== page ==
Now that the academics are in order, the son of Oklahoma State’s greatest all-time football player is ready to blaze his own path.
Heritage Hall senior Barry J. Sanders, the eighth-best running back prospect in the country, according to Rivals, is expected to commit to Stanford over OSU at Saturday’s U.S. Army All-American Bowl.
A source close to Sanders told The Oklahoman on Thursday they are “confident he will announce Stanford” as his college choice at the game.
In December, Heritage Hall coach Andy Bogert said Stanford and OSU were Sanders’ top two choices, and in that order.
One of the biggest factors playing into the decision, Bogert said then, was Stanford’s higher academic standards. Sanders was still working to get qualified at the Pac-12 school.
But Sanders, in a telephone interview from San Antonio, said he has now met Stanford’s requirements.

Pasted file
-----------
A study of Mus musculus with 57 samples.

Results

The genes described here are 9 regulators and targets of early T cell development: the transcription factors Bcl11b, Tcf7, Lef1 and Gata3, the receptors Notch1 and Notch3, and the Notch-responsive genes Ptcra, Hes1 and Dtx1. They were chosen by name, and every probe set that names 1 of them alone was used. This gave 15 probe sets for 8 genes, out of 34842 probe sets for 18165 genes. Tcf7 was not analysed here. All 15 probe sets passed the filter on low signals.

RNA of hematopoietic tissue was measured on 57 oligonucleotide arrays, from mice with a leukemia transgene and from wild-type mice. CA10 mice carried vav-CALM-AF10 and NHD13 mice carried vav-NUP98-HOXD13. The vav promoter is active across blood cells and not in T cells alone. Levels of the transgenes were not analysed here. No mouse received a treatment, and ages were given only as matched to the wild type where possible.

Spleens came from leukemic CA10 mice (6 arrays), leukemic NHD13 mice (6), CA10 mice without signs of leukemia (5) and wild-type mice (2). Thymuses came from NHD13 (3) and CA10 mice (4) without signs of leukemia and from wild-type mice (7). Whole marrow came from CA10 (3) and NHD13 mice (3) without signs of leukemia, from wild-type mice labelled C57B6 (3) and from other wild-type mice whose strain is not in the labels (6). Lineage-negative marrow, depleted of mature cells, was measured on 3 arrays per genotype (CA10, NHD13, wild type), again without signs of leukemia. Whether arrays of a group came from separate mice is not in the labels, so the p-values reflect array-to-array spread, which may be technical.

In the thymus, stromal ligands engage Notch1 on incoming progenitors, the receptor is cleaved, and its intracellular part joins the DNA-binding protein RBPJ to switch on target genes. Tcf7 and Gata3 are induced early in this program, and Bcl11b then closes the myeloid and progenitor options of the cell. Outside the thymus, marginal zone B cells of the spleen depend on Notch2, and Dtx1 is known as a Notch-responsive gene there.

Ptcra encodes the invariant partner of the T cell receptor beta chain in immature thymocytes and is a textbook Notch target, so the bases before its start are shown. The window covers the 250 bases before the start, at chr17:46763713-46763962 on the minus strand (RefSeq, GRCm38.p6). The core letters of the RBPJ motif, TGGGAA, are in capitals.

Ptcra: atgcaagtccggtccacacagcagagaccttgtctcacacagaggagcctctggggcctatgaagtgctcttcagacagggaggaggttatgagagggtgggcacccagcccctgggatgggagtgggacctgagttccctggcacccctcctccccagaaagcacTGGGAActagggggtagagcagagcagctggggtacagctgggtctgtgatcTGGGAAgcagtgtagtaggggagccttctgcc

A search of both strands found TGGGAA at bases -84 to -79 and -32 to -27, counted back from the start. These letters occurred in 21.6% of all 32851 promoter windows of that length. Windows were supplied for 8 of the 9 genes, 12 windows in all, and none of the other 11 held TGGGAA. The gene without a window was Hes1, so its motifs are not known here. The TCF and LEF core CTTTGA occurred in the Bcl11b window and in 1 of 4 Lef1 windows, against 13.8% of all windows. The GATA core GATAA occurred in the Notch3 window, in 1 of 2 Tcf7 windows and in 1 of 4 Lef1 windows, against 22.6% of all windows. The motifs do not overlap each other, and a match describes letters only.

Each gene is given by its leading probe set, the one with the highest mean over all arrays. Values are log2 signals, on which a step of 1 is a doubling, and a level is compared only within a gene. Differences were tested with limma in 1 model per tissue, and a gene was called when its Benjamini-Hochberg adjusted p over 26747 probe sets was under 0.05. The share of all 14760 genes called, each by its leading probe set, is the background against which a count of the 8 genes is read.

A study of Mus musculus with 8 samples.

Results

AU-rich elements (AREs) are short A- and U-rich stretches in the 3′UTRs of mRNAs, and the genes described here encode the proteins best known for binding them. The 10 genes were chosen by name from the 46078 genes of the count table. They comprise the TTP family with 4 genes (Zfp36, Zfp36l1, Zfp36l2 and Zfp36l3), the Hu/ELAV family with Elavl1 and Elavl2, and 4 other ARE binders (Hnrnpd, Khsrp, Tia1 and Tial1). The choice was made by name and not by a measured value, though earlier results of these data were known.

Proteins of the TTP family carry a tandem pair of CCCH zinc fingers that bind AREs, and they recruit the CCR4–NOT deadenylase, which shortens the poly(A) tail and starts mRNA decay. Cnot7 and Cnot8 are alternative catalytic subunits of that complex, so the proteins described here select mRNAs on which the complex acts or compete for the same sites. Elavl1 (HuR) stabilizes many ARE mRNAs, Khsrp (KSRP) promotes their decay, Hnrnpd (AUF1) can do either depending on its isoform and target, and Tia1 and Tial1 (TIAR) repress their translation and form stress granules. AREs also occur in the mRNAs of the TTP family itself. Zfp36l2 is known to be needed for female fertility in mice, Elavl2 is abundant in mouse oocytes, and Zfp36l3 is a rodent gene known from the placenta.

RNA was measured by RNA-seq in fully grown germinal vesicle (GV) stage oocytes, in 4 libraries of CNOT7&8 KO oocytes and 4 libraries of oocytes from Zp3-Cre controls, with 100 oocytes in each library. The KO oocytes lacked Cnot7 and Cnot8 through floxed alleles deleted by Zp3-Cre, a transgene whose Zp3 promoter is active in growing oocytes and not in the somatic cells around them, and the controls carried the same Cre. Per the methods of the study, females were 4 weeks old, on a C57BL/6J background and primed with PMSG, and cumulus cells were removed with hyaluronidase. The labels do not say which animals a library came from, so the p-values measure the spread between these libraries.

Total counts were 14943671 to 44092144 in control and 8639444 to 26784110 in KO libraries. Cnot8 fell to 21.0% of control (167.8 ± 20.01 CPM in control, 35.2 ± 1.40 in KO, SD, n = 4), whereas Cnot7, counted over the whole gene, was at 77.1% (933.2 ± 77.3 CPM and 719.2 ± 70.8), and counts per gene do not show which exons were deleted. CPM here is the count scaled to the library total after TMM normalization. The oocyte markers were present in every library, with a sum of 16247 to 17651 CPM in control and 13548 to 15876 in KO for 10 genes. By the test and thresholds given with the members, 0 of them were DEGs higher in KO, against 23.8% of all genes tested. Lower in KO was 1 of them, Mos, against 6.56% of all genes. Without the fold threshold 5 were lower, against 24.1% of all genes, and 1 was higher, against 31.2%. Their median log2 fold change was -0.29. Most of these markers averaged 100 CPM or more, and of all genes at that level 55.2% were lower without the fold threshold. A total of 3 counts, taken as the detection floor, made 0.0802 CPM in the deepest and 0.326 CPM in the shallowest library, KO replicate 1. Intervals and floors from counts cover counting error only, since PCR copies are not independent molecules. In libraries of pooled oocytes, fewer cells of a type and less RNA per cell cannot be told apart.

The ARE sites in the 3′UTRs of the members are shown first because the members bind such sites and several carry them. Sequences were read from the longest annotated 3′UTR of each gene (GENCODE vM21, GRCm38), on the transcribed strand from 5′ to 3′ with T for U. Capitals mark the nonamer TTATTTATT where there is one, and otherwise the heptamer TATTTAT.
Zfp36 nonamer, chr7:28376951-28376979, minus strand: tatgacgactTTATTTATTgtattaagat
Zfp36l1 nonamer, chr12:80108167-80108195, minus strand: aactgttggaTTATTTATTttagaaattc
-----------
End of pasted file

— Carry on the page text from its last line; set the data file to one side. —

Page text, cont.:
He preferred not to say which school he’ll commit to, but did say the decision is made.
“I am looking forward to (announcing),” Sanders said. “It is just the place that I felt most comfortable at. I think it’s the right place, and every day I feel comfortable with it.”
Sanders has spent this week in San Antonio, practicing with his fellow All-Americans and preparing for his life-changing announcement.
“Things are moving a lot faster than we’re used to,” he said of practices.
“The practice speed is much faster, but guys are getting after it. There’s a lot of talent out here; I think it will help me adjust to the greater pace at the next level.”
The decision between Stanford and Oklahoma State tugged at two integral, but very different, parts of his personality and livelihood.
Sanders has grown up an OSU fan. That’s what happens when your father is a Cowboy legend; Barry Sanders won the 1988 Heisman Trophy at OSU before embarking on one of the greatest NFL careers ever.
“I’ve bled orange for a long time,” Sanders said in December.
“I don't think that's ever gonna change, no matter what.”
The younger Sanders was spotted celebrating on the Boone Pickens Stadium field after the Cowboys' 44-10 blowout of Oklahoma in early December.